Nonprofits feel effects from sour economy

CONYERS - Word that the state's unemployment rate hit a 15-year high in August was not news to many nonprofit organizations in Rockdale County.

The Georgia Department of Labor announced this week that the state's seasonally adjusted unemployment rate was 6.3 percent in August, up 1.9 percent from August 2007. This marks the seventh consecutive month that the state rate is above the national unemployment rate, which was 6.1 percent in August. The last time Georgia's unemployment rate reached this level was in March 1993, and there has not been an over-the-year decline in jobs this great since June 2003, according to a press release from the Department of Labor.

Ashley Roesler, executive director of Rockdale Emergency Relief, said her organization really began to see the effects of the weakening economy at the first of the year. RER provides financial assistance for rent, mortgages and utilities for people living and/or working in Rockdale County who are experiencing some sort of calamity beyond their control that creates a financial hardship for their families. RER also operates the county's food bank.

"In January and February, when the economy started really tripping up, it directly translated out to the people," she said. "Our donations have remained steady - we had an outstanding season for our food bank last year during the holidays and we have steady donations to our housing program - but our donors are unable to do as much as they have in the past."

Roesler said the most recent data available from RER shows that this year, the food bank has experienced a 37 percent increase in services over the previous fiscal year, which runs from July 1 to June 30.

Those who were living paycheck to paycheck were the ones hit first when the economy began to turn sour.

"Those who are affected by small differences in their incomes, like a reduction in hours at work and increases in their bills like gas and food, felt it first," Roesler said.

But lately, she said, some who have never before experienced a financial need - indeed, some who have previously been donors to RER - are seeking assistance.

"We're finding the complexion of who is seeking help, or who needs to seek assistance and are not necessarily asking, is changing more substantially than in the past," Roesler said. "We're seeing so many people who never had to reach out for help before and they are experiencing the same type of crises ... it's a very leveling experience for a lot of people."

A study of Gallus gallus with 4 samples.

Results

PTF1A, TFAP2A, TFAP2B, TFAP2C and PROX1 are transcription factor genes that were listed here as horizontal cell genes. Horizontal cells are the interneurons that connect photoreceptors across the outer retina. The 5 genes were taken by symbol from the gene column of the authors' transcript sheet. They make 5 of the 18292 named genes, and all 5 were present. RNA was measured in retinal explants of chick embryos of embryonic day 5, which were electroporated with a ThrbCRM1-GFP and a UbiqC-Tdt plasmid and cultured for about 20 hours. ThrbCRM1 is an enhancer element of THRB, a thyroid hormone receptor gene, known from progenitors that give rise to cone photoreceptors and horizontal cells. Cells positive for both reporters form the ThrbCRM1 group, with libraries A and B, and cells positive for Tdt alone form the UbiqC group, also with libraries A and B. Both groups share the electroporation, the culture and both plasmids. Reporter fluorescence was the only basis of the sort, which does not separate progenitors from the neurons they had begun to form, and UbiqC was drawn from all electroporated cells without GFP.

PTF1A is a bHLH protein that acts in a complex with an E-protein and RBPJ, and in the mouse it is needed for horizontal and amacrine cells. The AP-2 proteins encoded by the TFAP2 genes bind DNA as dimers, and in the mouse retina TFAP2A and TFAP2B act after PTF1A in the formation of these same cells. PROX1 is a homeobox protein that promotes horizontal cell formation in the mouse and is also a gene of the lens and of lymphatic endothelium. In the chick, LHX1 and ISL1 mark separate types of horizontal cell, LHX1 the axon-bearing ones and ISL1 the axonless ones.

It's this increased need that has prompted the United Way in Rockdale County to step up its fundraising efforts this year. The annual fundraising campaign kicked off in August with a goal to raise $285,000 - $9,000 more than last year.

"The need is great ... and we need to dig a little deeper in our pockets," Claire Cline, executive director of United Way Rockdale, said during the kickoff luncheon held Aug. 21.

Jean Yontz, who now works with the United Way as a project manager, said the campaign is beginning slowly. One of the first fundraising efforts is the community-wide barbecue lunch sponsored by Jim 'N Nicks Bar-B-Q and the Rockdale Career Academy.

"If this gives you any indication, the barbecue is Thursday, and last year, we sold 2,000 (plates). Currently, we have sold half of that," Yontz said.

At the same time, she said, an interesting phenomenon appears to be at work.

"More people are giving, but they seem to be giving in smaller amounts," she said.

Perhaps another sign of tough economic times is the number of people seeking public housing.

Bobbie Hill, the director of the Conyers Housing Authority, said each of her department's 290 units is occupied, and applications continue to come in.

"We are full and we have seen an increase in the number of people applying for housing because they lost a job or have moved to the area and can't find a job," she said.

Apartments at Conyers Housing Authority are as small as studio apartments or as large as five-bedroom homes. Hill said it is difficult to determine how long an applicant will be on a waiting list since the size of the family determines the size of the unit.

"Lately, since the economy has gotten so bad, we're seeing more young, single mothers who need two or three bedrooms," Hill said.

Roesler said RER volunteers and staff are gearing up for a tight holiday season.

"One thing we have experienced this year is we have been at what could be described as a high plateau of volume all the time," she said. "I think truly this is a real, living, breathing picture of what is happening across the country."

To donate to Rockdale Emergency Relief or the food bank, call 770-922-9210 or e-mail ashley@rockdaleemergencyrelief.org. To give to the United Way in Rockdale, call 770-922-7227.